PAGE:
CONCORD, N.H. – A former intern at New Hampshire’s youth detention center says a supervisor suggested she destroy her notes and lie about a teen’s sexual assault allegation. And though she reported the boy’s claim to state investigators and police, it wasn’t included in an annual report that state officials submitted to the federal government.
Mary Goddard spent two days a week at the Sununu Youth Services Center in 2017 and 2018 as part of a master’s degree program at the University of New Hampshire. The Manchester facility, formerly called the Youth Development Center, has been the target of a broad criminal investigation since July 2019, and more than 200 men and women have joined a lawsuit in the last year alleging they were physically or sexually abused as children by 150 staffers from 1963 to 2018.
Goddard said she was providing individual counseling to a 17-year-old boy in October 2017 when he told her he had been molested by a former counselor who was facing criminal charges related to another teen at the time. In that case, the counselor later pleaded guilty to misdemeanor sexual assault and witness tampering in a plea deal in which prosecutors dropped 22 other charges, including 12 counts of rape.
Goddard said a supervisor she approached responded, “Well, she’s not here anymore, so he’s not in any danger.” A few hours later, he told her to call the central intake office at the state Division of Children, Youth and Families to report the allegation, which she did. But when she asked him what she should do with her notes from the counseling session, he told her to “get rid of them,” she said.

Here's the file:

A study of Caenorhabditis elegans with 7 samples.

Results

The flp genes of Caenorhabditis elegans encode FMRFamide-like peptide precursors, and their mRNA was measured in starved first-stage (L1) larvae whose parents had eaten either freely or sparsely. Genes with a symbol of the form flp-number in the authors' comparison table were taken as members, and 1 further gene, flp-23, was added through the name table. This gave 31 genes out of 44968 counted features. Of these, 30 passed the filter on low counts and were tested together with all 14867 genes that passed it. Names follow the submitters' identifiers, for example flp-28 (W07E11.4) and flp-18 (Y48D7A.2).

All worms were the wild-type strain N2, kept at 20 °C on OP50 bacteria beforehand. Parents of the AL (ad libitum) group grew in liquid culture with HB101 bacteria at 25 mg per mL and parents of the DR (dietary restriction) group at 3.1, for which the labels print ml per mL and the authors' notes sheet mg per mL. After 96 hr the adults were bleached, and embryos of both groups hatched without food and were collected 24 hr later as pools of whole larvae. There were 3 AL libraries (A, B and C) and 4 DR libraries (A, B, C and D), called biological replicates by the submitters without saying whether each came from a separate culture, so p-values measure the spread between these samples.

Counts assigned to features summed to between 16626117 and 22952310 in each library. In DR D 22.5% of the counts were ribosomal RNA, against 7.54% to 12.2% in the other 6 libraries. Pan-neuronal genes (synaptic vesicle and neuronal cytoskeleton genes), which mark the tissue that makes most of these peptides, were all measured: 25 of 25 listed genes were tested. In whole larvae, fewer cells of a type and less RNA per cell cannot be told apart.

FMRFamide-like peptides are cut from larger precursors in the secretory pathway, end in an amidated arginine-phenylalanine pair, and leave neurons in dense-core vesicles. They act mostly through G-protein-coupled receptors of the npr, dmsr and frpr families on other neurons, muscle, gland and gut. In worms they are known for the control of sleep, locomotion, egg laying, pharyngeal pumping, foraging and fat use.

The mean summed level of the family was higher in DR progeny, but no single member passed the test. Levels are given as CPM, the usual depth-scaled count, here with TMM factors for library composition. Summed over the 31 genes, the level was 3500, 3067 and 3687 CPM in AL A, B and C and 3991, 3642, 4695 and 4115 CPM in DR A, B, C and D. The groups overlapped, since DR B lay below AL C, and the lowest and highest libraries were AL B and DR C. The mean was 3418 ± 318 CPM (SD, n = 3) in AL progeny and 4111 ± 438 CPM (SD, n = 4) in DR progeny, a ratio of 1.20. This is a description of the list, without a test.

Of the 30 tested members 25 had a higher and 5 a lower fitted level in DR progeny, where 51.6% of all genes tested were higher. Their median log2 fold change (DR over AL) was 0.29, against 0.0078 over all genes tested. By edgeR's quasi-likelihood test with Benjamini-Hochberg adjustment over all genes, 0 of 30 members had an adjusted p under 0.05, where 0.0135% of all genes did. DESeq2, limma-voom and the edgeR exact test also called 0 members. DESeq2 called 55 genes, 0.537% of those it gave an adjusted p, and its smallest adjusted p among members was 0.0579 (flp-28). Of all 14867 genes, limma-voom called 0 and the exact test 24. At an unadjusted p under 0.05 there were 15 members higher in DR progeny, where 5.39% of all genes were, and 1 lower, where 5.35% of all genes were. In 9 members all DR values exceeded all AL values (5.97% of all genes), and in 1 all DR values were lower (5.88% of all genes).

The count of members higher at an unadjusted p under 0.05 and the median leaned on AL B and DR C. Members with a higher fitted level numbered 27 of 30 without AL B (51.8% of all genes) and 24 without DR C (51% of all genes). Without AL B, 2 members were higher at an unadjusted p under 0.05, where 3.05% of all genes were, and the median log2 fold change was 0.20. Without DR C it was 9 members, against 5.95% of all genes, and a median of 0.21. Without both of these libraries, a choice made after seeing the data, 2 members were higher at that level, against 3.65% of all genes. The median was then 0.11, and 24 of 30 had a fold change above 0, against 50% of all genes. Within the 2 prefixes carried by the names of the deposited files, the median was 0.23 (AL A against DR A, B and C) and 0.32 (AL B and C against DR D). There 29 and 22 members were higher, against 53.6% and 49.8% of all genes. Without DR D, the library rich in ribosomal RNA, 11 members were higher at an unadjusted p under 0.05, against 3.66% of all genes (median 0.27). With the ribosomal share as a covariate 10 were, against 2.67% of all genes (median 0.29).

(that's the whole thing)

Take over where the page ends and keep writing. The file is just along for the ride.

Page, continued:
“I said, ‘There’s an active criminal case going on. What if charges are brought against her, shouldn’t I hold on to these? What happens if I get subpoenaed?’” said Goddard. “He said, ‘Oh, you can just tell them that you don’t remember what happened.’”
Under state law, it is illegal to alter or destroy evidence knowing that an investigation is pending or about to begin with the intent of impairing its use in such an investigation.
Francis Williams, a professor of criminal justice at Plymouth State University, said he couldn’t comment on whether destroying the notes would have been a crime because he is not a lawyer and doesn’t have all the facts. But he said in general, the supervisor should have known that such notes could be subject to subpoena.
“I’m looking upon that very unfavorably, the idea that the supervisor would tell her to destroy the notes. And then, ‘Tell them you don’t remember?’ Excuse me?” he said. “He’s telling her to basically lie, at least initially to investigators and perhaps if she’s subpoenaed, to lie to the court, which could put her in jeopardy of being charged with perjury.”